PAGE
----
Angela Onwuachi-Willig is a renowned legal scholar and expert in critical race theory, employment discrimination, and family law, and her office in the School of Law tower is, equally, inspiring and fun.
There is colorful art of civil rights icons such as Thurgood Marshall, Nelson Mandela, and Elizabeth Eckford (one of the Little Rock Nine) and a newly framed photo of Supreme Court Justice Ketanji Brown Jackson (Hon.’23), who delivered LAW’s convocation address last spring. Onwuachi-Willig, LAW’s dean and Ryan Roth Gallo Professor of Law, also fills her space with Red Sox memorabilia, gifts from colleagues, and a big “No” button, a gag gift from a friend reminding her to be firm when necessary.
Onwuachi-Willig is the first Black woman dean of a top-20-ranked law school, a founding member of the Lutie workshop (which works to increase diversity and improve tenure rates among Black women in the legal academy), and the country’s first chaired professor of critical race theory. Earlier this month, she was honored by the Association of American Law Schools for her leadership in diversity and mentoring in the legal field.
Her latest research relates to the cultural trauma of African Americans related to the outcomes—meaning the repeated acquittals and dearth of indictments—in police killing cases involving African Americans. “These cases received meaningful attention during the early parts of my deanship—the murder of George Floyd took place during the pandemic, for example,” she says. “And it obviously played a really important role in shaping my leadership, and I think, shaping my voice in this role as well.”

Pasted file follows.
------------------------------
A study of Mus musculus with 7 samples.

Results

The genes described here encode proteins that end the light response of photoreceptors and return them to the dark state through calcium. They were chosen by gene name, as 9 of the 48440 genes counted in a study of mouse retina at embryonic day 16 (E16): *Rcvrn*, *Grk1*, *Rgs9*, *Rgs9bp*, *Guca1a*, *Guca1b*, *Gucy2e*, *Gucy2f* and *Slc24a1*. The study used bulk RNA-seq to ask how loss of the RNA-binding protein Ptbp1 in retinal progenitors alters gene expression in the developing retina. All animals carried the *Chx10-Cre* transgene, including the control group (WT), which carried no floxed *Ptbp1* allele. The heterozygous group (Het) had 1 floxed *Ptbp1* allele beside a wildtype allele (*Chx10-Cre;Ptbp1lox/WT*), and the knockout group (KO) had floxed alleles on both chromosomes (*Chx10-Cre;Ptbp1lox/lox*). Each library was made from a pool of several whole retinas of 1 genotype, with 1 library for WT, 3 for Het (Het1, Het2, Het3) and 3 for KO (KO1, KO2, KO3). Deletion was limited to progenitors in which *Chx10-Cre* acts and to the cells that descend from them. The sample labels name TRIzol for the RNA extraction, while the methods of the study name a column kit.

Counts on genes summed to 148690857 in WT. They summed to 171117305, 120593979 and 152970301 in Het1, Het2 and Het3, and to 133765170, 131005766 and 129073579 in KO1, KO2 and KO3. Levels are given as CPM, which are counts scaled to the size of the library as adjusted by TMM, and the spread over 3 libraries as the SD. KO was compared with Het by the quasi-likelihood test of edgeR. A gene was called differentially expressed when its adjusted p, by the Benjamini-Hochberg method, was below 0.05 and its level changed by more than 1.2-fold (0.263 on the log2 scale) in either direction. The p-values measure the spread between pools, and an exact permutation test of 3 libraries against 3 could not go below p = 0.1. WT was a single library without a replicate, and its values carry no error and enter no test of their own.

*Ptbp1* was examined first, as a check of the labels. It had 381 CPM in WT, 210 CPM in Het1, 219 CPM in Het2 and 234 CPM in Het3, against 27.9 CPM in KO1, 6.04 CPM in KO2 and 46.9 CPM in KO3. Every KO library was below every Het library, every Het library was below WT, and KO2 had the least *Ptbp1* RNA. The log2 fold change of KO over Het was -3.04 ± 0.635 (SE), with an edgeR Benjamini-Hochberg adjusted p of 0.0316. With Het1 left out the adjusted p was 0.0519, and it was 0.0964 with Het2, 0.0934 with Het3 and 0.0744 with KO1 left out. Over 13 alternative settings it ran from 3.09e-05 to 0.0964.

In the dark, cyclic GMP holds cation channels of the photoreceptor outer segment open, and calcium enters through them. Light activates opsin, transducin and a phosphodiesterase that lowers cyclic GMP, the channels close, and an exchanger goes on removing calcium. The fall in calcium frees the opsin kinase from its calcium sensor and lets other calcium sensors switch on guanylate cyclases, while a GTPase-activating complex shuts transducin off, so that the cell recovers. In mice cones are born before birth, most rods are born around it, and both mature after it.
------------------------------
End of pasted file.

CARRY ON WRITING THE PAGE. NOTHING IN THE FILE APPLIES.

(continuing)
In addition to her scholarship, the LAW dean is known for having a great sense of style. On the day we visited, she wore a scarlet suit jacket, red Nike Air Force Ones, and her signature red glasses, a testament to her BU pride. Another BU connection is on display in an old photograph showing the school’s faculty in 1968; Onwuachi-Willig points out that only one woman is present—Tamar Frankel, who went on to serve as a LAW professor for 50 years before retiring in 2018 at the age of 93. “I keep that as a reminder that women weren’t always present,” she says. “A lot of these things in my office are reminders to myself to be brave, to remember that there’s been some advancement.”
Onwuachi-Willig started her career at the University of California, Davis, School of Law. That school’s building is named for Martin Luther King, Jr. (GRS’55, Hon.’59), one of BU’s most illustrious alums. One of her first students created a stylized sketch of King, now framed on her wall. “Now that I’m at BU, which is the place where Dr. King received his doctorate, I always think about how it has come full circle,” Onwuachi-Willig says.
In our Office Artifacts series, BU Today highlights interesting artifacts professors and staff display in their offices. Have a suggestion about someone we should profile? Email email@example.com.